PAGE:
By Stewart Clem

No, Target: we do not agree that Christmas begins on November 1. You must be thinking of All Saints’ Day. Christmas begins after first vespers on December 24.

People have been complaining for as long as I can remember that the Christmas season starts too early. It seems to begin earlier every year. I’m grateful that our Anglican tradition preserves the season of Advent, which begins on November 29 this year, as well as the traditional twelve days of Christmas. It’s important to set aside time so that we can adequately prepare our hearts to meet the coming Christ. (Side note: I will not judge you for listening to Christmas music at any time of year.)


O God, whose blessed Son was manifested that he might
destroy the works of the devil and make us children of
God and heirs of eternal life: Grant us, we beseech thee, that,
having this hope, we may purify ourselves even as he is pure;
that, when he shall appear again with power and great glory,
we may be made like unto him in his eternal and glorious
kingdom; where with thee, O Father, and thee, O Holy Ghost,
he liveth and reigneth ever, one God, world without end. Amen.” (p. 184)

Advent is about waiting to meet Christ, and although we typically associate Advent with Christ’s Nativity (his first advent), it’s also about waiting to meet Christ when he returns to judge the world (his second advent).

As Fleming Rutledge reminds us, “In the medieval period, the Scripture readings for Advent were well established, and they were oriented only secondarily to the birth (first coming) of Christ; the primary emphasis was his second coming on the final day of the Lord. Because the church in modern times has turned away from the proclamation of the second coming, an intentional effort must be made to reinstate it” (Advent: The Once & Future Coming of Jesus Christ, p. 5).

But why are we being encouraged to think about this right now, at this time of year? Is the prayer book getting ahead of itself? Advent doesn’t start for another three weeks.

This particular collect was composed for the 1662 revision of the prayer book used by the Church of England. It was probably written by John Cosin, Bishop of Durham. While it was originally designated for the Sixth Sunday after the Epiphany (which had no appointed propers at that time), many Anglican liturgists and preachers have noted that the collect, along with the corresponding epistle reading from 1 John 3:1-9, is rich with Advent themes. This was the rationale for moving it to the third Sunday before Advent in the current American prayer book.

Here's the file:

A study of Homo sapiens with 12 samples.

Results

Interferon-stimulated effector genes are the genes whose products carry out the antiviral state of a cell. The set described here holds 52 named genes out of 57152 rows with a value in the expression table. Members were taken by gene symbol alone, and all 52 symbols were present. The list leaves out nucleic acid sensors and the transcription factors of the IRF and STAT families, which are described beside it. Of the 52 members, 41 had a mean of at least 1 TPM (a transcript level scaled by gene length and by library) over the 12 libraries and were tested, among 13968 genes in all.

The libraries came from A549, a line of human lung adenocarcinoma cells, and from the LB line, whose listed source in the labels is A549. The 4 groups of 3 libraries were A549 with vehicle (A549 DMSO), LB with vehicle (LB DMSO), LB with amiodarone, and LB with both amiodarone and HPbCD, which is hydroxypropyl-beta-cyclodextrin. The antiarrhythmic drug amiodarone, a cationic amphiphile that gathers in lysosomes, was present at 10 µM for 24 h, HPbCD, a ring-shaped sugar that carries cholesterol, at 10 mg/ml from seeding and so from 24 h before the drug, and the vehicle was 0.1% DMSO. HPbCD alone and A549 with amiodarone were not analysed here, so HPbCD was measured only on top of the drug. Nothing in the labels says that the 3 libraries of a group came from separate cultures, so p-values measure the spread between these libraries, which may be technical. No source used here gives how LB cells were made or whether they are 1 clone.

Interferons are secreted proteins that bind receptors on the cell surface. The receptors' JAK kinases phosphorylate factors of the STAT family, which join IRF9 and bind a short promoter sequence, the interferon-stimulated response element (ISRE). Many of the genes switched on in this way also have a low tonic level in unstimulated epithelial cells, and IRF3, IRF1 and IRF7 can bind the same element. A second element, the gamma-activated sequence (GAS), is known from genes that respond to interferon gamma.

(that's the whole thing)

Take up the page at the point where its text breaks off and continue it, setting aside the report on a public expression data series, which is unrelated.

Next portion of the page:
“Well, the third Sunday before Advent still isn’t Advent,” one might reasonably object. But we should remember that the Church has an older tradition of observing Advent for seven weeks. After the four-week season of Advent became standard in the Western church, the Sundays before this season became known as pre-Advent. The season of pre-Advent is implicitly recognized in the Revised Common Lectionary, where the readings for last three Sundays of the church year (Propers 27, 28, and 29) are thematically organized around the second coming of Christ.

The fact that this collect is assigned for this week is a remnant of that older tradition. The collect is inviting us to prepare our hearts even now. It’s a recognition that we are waiting for something.

While it may seem counterintuitive, waiting is even more important than preparing. “An exclusive emphasis on Advent as a season of preparation risks putting human endeavor in the spotlight for all four weeks of the season,” Rutledge argues. “All the Advent preparation in the world would not be enough unless God were favorably disposed to us in the first place.” Christians are called, first and foremost, to wait and to long for God’s decisive action.

We’re waiting for a lot of things right now. While the U.S. presidential election has finally concluded, we are still waiting. We are waiting to see if our divisions will continue to deepen or if we will begin to heal. We are waiting for the pandemic to end. We are waiting to see when things will finally be back to normal — and waiting to see what “normal” is going to mean from now on.

But as Christians, we know that our lives are defined by waiting. We are waiting for something far bigger — and better — than normal. We are waiting for something that is even better than Christmas. We are waiting for God to finish the work that was begun on the cross, to “destroy the works of the devil.” We are waiting for Christ to “appear again with power and great glory” so that “we may be made like unto him in his eternal and glorious kingdom.”

The Christian life is an Advent life. And so we wait.

The Rev. Dr. Stewart Clem is assistant professor of moral theology and director of the Ashley-O’Rourke Center for Health Ministry Leadership at Aquinas Institute of Theology and priest associate at the Church of St. Michael & St. George (St. Louis, Missouri).

About The Author

The Rev. Dr. Stewart Clem is assistant professor of moral theology and director of the Ashley-O’Rourke Center for Health Ministry Leadership at Aquinas Institute of Theology in St. Louis, Missouri.